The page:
By Allie Conti
By Chris Joseph
By Michael E. Miller
By Frank Owen
Picture this: Greek millionaire Konstantinos "Gus" Boulis sneaking into the home of his estranged girlfriend and mother of two of his children. When he's spotted he dashes away, though not before leaving behind an envelope full of cash for the family from which he'd been court-ordered to stay away.
This account, which comes via court documents filed by the girlfriend, is just one episode in the prime-time soap opera the Miami Subs founder, hotel developer, and SunCruz gaming-ship owner calls his life.
During the past few months, the media has been full of news about the federal and state governments' respective civil cases against Boulis for alleged wrongdoing in his SunCruz gambling business. The attorneys have been arguing in court that Boulis should pay tens of millions of dollars in fines, penalties, and forfeitures.
The government, however, may end up having to fight for the money with Boulis' two estranged companions. If the girlfriend and his Greek wife -- who had been kept a secret from the public until now -- have their way, the cash with which he'll be forced to part won't fit in an envelope; a barrel might be more appropriate.
The former girlfriend here in Florida, Margaret Hren, is fighting in court to increase the $5500 a month Boulis is currently paying her in child support to help raise their two sons, Aristotle and Alexis, ages five and three, respectively. She's also named in the federal suit against Boulis. The feds contend Boulis illegally hid his ownership of the gambling boats in her name. Hren also filed a restraining order against Boulis, alleging that he punched her in the head and threatened to kill the two boys.
Exactly how much more money Hren wants hasn't been determined, but whatever she may get pales in comparison to what the other woman wants from Boulis.
Gus Boulis' wife, Efrosini "Frances" Boulis, continues to live in Greece. She, too, bore Boulis two sons, both of whom are now grown. After 26 years of living quietly in Greece while raising Boulis' other children, Frances Boulis is now in the midst of a raging court battle with her husband, suing for divorce and demanding half his considerable assets.
It was Boulis' second family with Hren that prompted his wife to sue, says attorney Karen Coolman Amlong, who is representing Frances Boulis. Amlong says the wife was kept in the dark about the nature of her husband's relationship with Hren -- which itself lasted some 18 years.
Boulis introduced Hren to his wife as his "secretary," Amlong claims. It wasn't until Hren was pregnant with the first of her two sons with Boulis in 1992 that Frances Boulis knew the truth.
"Frances has been a dutiful, faithful wife," Amlong says. "She stayed home and did what wives did in Greece."
Gus Boulis married Frances when she was just 16 years old, he 22. Though both were raised in Kavala, Greece, they met by chance in Toronto, Canada, and struck up a romance that led to their marriage in 1971.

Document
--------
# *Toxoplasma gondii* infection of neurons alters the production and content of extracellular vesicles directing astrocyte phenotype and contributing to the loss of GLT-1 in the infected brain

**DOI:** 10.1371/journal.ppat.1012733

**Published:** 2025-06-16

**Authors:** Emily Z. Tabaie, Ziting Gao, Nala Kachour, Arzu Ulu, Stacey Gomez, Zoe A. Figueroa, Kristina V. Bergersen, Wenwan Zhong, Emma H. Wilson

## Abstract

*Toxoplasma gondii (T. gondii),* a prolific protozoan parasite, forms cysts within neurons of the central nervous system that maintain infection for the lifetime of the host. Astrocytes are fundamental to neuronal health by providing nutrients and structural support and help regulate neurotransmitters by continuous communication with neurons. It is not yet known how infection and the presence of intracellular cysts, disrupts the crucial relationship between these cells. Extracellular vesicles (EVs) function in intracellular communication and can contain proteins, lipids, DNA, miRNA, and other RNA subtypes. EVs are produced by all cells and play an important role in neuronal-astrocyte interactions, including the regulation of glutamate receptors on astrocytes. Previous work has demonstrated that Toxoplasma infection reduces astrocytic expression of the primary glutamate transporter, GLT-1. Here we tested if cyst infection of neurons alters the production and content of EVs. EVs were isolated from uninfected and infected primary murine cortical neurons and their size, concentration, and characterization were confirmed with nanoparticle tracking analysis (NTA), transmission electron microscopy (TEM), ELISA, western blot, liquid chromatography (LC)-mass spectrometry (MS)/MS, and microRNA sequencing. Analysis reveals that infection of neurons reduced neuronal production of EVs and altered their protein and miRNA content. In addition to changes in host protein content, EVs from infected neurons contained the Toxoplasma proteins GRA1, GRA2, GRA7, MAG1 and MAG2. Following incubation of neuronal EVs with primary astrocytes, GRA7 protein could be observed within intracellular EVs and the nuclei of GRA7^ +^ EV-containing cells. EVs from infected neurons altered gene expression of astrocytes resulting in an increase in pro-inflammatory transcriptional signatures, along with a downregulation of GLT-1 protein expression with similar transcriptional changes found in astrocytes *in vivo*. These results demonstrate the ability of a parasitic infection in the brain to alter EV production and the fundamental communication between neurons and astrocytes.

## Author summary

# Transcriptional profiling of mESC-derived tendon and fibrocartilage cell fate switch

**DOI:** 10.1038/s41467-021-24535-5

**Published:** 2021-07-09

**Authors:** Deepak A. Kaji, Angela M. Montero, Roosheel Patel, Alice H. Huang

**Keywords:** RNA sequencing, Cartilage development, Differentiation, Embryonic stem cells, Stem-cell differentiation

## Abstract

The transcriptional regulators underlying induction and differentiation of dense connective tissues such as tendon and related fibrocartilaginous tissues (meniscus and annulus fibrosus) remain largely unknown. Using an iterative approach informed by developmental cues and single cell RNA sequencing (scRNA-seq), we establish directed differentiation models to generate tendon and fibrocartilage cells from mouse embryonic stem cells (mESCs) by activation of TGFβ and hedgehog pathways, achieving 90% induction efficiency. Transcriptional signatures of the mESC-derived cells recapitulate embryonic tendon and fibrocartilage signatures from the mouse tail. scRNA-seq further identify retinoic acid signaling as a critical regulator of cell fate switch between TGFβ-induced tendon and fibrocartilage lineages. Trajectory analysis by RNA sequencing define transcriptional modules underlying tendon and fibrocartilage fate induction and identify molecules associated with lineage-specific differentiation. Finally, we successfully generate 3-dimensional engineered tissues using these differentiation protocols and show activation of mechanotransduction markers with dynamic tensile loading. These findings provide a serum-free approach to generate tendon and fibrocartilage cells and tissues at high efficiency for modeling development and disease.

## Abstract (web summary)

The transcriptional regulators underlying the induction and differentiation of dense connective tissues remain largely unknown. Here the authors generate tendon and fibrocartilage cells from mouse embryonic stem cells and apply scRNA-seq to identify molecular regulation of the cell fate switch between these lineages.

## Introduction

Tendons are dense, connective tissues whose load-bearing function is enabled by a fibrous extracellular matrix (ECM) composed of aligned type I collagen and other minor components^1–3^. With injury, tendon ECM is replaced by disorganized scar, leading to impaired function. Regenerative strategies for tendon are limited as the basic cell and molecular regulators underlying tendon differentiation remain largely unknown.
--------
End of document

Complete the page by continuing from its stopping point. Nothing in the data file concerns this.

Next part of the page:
For the past 20 years or so, they haven't lived together. While Boulis was building his sub-shop business here, Frances was in Greece "tending the family fires," including caring for the aging parents of her husband, Amlong says. Frances Boulis apparently was afforded an extravagant life there: She lists her monthly expenses at $15,100, including nearly $1000 for groceries, $740 for eating out, $2500 in gifts to other people, and nearly $5000 a month for "vacations."
"She lived the life of the wife of a Greek millionaire," Amlong explains.
Glenn Waldman, Boulis' attorney in the divorce case, says she's exaggerating her lifestyle to try and squeeze more money from Boulis -- who is claiming that the wife is only entitled to only a small fraction of what she wants because they didn't live together for all those years.
Although Frances Boulis didn't want to be interviewed, Amlong passed along a statement from her:
"I was in Greece because he wanted me to be there. How dare he say because of his sin of adultery, which he repeatedly denied to me, by the way, that I am not entitled to share in the fortune that he was able to build as I was taking care of his interests and our family in Greece."
That statement is untrue, says Waldman. He says the wife knew that Boulis and Hren were romantically involved from the beginning. Waldman says it has nothing to do with outrage over adultery. The suit's only about money, he says.
"When he fathered two children by another woman, I think [Frances Boulis] became concerned that her sons, who are now adults, would not get their inheritance," Waldman says. "I think that has caused the divorce action, and she has stated that to other family members."
Waldman contends that the marriage was, for all practical purposes, over by 1977, when the couple stopped living together, and therefore Frances Boulis is only entitled to half the assets he acquired from 1971 through 1977.
Says Waldman, "We don't know exactly how much that is, but it is a nominal amount, well under seven figures. There are people trying to calculate it, but you can imagine the difficulty in reconstructing someone's assets from 22 years ago."